Trending right now: Caitlyn Jenner, the 6 Pack Band and Lili Elbe.
From Bruce Jenner openly and bravely transitioning to Caitlyn Jenner to India welcoming our first transgender band, the 6 Pack Band- guys, it’s time to meet the transgeneration! Campaigning for transgender rights, these women are beacons of hope and encouragement for the so-called third gender. A bold move, a big step and a bravo deserved. Also deserving is Lili Elbe, a pioneer of sex reassignment surgery and one of the world’s first known transgender women. Portrayed by the uber talented (and hot) Eddie Redmanye in his latest blockbuster, The Danish Girl, the movie tells a story about love, compassion and bravery, which follows Lili’s beautiful transition from man to woman.
Set in the roaring twenties, the film is loosely based on the true story of Danish painters Lili Elbe formerly known as Einar Wegener and his wife Gerda Wegener. While story telling is everything, this movie heavily relied on its costumes to narrate Lili’s story. Aesthetically depicted, Lili’s transformation was delicately handled by costumer designer Paco Delgado. Influenced by Parisian style and the avant garde fashion of the 1920s, Delgado took cue from the era’s most influential designers from Paul Poiret’s relaxed silhouettes like the flapper and shift dress to Lanvin’s robe de style that emphasized slightly on theatrical tastes, while for Gerda, he reinterpreted her ensembles based on Coco Chanel’s liberated style.
The 1920s was a time when waistlines were ditched and hemlines became shorter. It was also the first time the fashion world started accepting androgynous style, from women wearing palazzo pants and shirts, to adopting jersey-made clothing. The gender bending style also welcomed bobs, garconne frocks and suppressed busts, defining a revolutionary moment in fashion.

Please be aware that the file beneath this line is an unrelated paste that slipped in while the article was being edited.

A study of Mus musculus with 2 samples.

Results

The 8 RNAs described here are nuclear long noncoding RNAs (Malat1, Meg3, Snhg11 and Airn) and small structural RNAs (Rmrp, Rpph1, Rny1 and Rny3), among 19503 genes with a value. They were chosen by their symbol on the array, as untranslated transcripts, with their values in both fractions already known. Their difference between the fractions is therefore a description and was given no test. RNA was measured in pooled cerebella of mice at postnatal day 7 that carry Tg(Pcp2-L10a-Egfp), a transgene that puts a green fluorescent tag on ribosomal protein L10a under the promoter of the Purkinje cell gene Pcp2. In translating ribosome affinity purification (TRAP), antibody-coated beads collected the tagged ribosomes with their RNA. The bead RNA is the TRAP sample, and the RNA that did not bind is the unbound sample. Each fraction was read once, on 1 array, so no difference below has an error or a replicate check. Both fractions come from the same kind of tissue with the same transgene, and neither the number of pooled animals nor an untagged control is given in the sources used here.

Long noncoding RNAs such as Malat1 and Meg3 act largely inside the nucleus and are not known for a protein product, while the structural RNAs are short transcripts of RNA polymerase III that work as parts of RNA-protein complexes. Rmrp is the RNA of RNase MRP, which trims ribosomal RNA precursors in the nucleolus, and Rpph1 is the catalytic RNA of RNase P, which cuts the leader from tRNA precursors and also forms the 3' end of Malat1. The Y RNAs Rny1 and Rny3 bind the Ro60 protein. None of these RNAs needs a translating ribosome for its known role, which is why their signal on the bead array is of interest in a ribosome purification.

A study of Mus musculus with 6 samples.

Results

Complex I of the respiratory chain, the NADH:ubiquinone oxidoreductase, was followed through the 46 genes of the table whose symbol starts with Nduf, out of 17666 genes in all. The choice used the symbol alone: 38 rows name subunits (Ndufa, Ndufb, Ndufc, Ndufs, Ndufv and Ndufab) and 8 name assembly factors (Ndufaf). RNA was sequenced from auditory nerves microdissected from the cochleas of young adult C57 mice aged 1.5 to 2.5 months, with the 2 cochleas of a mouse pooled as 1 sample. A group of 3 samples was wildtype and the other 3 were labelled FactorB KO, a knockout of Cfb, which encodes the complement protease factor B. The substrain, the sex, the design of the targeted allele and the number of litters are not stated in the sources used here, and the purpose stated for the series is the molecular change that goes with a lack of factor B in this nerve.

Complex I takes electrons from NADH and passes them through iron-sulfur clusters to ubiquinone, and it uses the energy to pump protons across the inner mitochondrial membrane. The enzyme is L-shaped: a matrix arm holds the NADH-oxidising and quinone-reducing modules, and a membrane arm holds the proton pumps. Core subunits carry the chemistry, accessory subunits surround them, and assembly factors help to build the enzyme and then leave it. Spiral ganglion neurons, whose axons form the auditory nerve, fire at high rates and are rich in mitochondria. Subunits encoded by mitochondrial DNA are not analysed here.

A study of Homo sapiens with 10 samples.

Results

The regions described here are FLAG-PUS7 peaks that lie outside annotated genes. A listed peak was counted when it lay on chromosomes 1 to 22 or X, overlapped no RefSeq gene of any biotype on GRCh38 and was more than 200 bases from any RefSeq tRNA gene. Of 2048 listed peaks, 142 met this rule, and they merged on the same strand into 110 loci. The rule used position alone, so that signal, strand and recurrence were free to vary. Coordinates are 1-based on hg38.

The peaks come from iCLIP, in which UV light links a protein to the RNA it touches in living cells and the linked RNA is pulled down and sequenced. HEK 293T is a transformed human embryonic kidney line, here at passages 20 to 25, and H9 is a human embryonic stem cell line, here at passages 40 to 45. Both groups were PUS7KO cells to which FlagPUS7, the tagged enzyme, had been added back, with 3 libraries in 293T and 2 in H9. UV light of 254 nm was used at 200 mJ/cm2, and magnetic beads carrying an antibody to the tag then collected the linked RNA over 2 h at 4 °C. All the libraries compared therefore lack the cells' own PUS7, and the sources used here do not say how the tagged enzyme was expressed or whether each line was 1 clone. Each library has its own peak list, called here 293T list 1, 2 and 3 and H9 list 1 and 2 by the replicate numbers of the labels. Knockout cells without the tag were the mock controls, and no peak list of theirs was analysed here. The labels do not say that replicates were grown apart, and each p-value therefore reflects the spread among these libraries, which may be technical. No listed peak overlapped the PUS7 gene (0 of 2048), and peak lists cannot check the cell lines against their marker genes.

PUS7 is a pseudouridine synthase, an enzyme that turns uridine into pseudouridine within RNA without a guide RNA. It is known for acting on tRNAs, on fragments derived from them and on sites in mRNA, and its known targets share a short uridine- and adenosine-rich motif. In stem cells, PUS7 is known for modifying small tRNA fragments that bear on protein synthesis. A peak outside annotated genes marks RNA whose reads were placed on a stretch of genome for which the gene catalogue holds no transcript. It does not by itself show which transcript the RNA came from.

Delgado, also referenced Gerda’s paintings and photographs, translating it into costumes used in some scenes of the movie and to narrate Lili’s urge to play dress up. For Einar’s role, Delgado used high stiff collars, a monochrome palette and heavy fabrics, which gently loosen up into lighter and colourful ensembles during his transition to Lili. Through the evolution you also see Lili’s experimentation with makeup; from coiffed hair to bright bold lips, she gradually finds herself portraying a slightly au natural look.
Breaking norms, adopting gender and braving society, one can’t help but acknowledge the power of dressing. While we might be applauding Jaden Smith’s LV campaign and Ranveer Singh’s gender-bending skirt, it’s the beauty of Lili’s free-spirited sartorial transformation that makes one note that clothing truly is a form of true-self expression. Even if a ballerina’s dress is all it takes.